Procurement · 23 May 2016

Five ways to achieve work-life balance when your home is also your office


Whether you’re lying awake at night because it feels like the incomplete paperwork on the floor is glaring at you or getting a wrap on the knuckles for trying to surreptitiously check your email under the table at your daughter’s birthday party, the temptations to undermine work-life balance are endless when you own your own business.

Yet everyone has to switch off sometimes – to prevent burnout as much as maintain personal relationships. For the four million UK workers based at home, this is no mean feat, but our tips should make it a lot easier.

(1) Keep electronic devices out of your bedroom

 If you were born before 1995, you may have a distant memory of a time that you were woken up in the morning by something other than the smartphone which also contains your emails and to-do lists. Recent research carried out by Business Advice on the John Lewis website revealed traditional alarm clocks do still exist – and experiencing the hushed tones of Radio 4’s Today programme or even a reassuringly old-fashioned bell will do wonders for your stress levels.

(2) Get dressed

Though Winston Churchill famously worked from his bed in a dressing gown covered in dragons, he also spent a lot of his life clinically depressed –  and the two were probably related. Although research carried out by Nectar Business in 2011 found ten per cent of homeworking British adults to have kept their pyjamas on all day, the link between performance and productivity means you are likely to be happier and achieve more with proper clothes on. And more importantly, associating smart clothes with work and casual ones with sleep will make it easier for you to switch off at night.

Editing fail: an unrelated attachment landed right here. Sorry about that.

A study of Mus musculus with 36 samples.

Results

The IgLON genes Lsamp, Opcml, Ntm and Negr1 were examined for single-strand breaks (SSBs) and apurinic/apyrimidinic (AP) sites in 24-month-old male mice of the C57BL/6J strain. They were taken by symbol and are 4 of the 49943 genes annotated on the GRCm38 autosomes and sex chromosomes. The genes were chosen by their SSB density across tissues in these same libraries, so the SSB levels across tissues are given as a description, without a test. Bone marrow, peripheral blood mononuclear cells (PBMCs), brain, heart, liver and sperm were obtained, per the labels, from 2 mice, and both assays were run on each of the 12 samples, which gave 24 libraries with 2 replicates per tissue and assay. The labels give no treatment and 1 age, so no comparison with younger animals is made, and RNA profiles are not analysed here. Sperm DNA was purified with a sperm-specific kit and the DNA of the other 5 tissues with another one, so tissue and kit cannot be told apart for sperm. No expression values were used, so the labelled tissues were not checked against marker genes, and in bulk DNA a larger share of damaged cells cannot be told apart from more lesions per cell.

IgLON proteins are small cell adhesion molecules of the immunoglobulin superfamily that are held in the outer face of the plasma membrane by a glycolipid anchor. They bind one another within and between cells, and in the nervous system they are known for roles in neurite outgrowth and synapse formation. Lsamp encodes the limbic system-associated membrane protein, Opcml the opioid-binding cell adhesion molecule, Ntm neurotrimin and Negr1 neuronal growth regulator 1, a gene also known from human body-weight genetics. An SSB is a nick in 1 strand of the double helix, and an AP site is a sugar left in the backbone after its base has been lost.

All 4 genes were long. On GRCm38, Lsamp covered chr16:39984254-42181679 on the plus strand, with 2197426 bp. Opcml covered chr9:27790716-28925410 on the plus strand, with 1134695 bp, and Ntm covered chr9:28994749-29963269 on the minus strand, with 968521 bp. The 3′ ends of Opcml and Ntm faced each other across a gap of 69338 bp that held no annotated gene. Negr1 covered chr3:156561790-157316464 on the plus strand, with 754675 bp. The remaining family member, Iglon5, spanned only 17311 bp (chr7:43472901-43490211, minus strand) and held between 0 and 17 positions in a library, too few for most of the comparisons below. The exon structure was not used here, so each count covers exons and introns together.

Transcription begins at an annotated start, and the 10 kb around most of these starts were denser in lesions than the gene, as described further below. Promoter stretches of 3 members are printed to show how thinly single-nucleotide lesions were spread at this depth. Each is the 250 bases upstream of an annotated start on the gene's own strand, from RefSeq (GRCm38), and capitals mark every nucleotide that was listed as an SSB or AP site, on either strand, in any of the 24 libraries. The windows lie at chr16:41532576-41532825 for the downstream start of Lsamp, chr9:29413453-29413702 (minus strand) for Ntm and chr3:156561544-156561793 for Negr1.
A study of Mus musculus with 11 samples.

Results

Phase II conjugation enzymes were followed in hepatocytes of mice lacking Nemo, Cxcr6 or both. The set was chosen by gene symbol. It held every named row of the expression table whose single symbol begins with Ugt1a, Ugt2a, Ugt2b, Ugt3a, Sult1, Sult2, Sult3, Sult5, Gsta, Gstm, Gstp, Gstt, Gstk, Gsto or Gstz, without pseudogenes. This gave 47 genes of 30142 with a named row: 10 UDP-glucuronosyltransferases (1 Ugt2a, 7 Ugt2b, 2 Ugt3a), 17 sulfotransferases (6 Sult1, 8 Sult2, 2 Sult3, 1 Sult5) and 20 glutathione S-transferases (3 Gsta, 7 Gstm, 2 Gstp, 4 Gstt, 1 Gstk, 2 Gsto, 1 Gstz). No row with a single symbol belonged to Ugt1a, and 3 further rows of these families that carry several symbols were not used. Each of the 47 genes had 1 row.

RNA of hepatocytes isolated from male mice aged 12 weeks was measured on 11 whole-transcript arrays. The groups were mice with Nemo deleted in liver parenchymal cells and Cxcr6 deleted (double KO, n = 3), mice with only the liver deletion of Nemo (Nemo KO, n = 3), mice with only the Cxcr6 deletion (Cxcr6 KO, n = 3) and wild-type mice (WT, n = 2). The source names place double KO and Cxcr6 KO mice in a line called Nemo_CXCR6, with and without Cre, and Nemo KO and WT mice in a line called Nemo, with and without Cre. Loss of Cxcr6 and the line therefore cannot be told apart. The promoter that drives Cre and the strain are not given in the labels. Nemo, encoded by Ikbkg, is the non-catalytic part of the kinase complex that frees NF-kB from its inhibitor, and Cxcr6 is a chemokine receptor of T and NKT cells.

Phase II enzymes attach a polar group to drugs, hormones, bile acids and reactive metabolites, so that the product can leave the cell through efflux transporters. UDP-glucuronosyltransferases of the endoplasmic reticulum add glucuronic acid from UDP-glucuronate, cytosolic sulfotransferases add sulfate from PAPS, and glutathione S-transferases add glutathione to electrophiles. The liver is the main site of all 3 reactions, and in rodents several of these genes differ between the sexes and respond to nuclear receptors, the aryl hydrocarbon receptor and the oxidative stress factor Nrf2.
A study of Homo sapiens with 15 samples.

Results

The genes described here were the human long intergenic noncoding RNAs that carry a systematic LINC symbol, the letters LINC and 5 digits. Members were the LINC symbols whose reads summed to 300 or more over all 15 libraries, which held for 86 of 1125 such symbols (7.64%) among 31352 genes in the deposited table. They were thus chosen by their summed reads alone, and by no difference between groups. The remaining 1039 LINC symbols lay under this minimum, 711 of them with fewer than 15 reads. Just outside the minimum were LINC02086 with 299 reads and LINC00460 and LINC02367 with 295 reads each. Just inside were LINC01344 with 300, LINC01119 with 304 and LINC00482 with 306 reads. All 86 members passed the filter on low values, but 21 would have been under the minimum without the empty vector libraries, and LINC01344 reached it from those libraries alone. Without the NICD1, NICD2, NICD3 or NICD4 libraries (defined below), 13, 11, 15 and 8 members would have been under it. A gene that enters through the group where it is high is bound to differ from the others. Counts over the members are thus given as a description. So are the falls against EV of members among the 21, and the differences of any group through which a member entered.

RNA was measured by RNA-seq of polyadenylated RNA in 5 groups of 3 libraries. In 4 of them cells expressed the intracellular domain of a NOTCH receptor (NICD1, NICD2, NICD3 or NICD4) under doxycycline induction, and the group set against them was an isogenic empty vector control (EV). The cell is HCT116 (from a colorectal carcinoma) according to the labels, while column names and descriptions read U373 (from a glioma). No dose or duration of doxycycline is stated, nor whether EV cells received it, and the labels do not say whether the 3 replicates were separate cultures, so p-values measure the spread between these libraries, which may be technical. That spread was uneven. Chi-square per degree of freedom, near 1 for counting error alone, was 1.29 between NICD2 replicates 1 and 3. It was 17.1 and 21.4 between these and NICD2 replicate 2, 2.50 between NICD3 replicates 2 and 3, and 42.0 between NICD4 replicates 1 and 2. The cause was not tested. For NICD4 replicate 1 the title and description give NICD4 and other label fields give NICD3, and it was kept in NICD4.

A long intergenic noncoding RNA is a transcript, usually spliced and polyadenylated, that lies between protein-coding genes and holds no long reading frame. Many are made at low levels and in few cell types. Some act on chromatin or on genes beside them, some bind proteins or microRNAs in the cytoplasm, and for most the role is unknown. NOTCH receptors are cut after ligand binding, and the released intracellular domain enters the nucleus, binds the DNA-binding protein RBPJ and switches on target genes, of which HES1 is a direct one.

(3) Fake your commute

Though eliminating a long, uncomfortable commute is one of the big draws of basing your business or self-employment activity at home, the way travel separates work from home life means you can miss the structure when you quit the office. The easy solution is to make a ten minute stroll round the block an integral part of your morning and evening routine. Not only will it help you get in and out of “work mode”, but a morning stroll will make you more creative, and, if it’s brisk enough, help keep off the pounds too.

(3) Get a desk that folds up

With the UK’s property crisis showing no signs of abating, the entrepreneur with the luxury of a spare room to use as an office is a rare breed. But if you’re still working on the kitchen table, consider heading to Ikea to invest in a surface that can be covered up or hidden from view when you’re trying to switch off – you’ll be a lot less stressed as a result.

(4) Turn off email notifications

Though the occasional unavoidable late night or working weekend are inevitable when you’re at the helm of a micro business, there will be times when you’re not expecting any urgent messages or have a personal commitment which you don’t want to be distracted from. But it sometimes takes an awful lot of self-control not to rush to the toilet to read at an email from that sales lead or disgruntled employee, whatever your intentions. So if you’re serious about switching off, turn off email notifications on your smartphone – you can find out how to do this on Apple devices here, or by reading this guide if you have an Android device.


Hannah Wilkinson is a reporter for Business Advice. She studied economics and management at Oxford University and prior to joining Business Advice wrote for Kensington and Chelsea Today about business and economics – as well as running a tutoring company.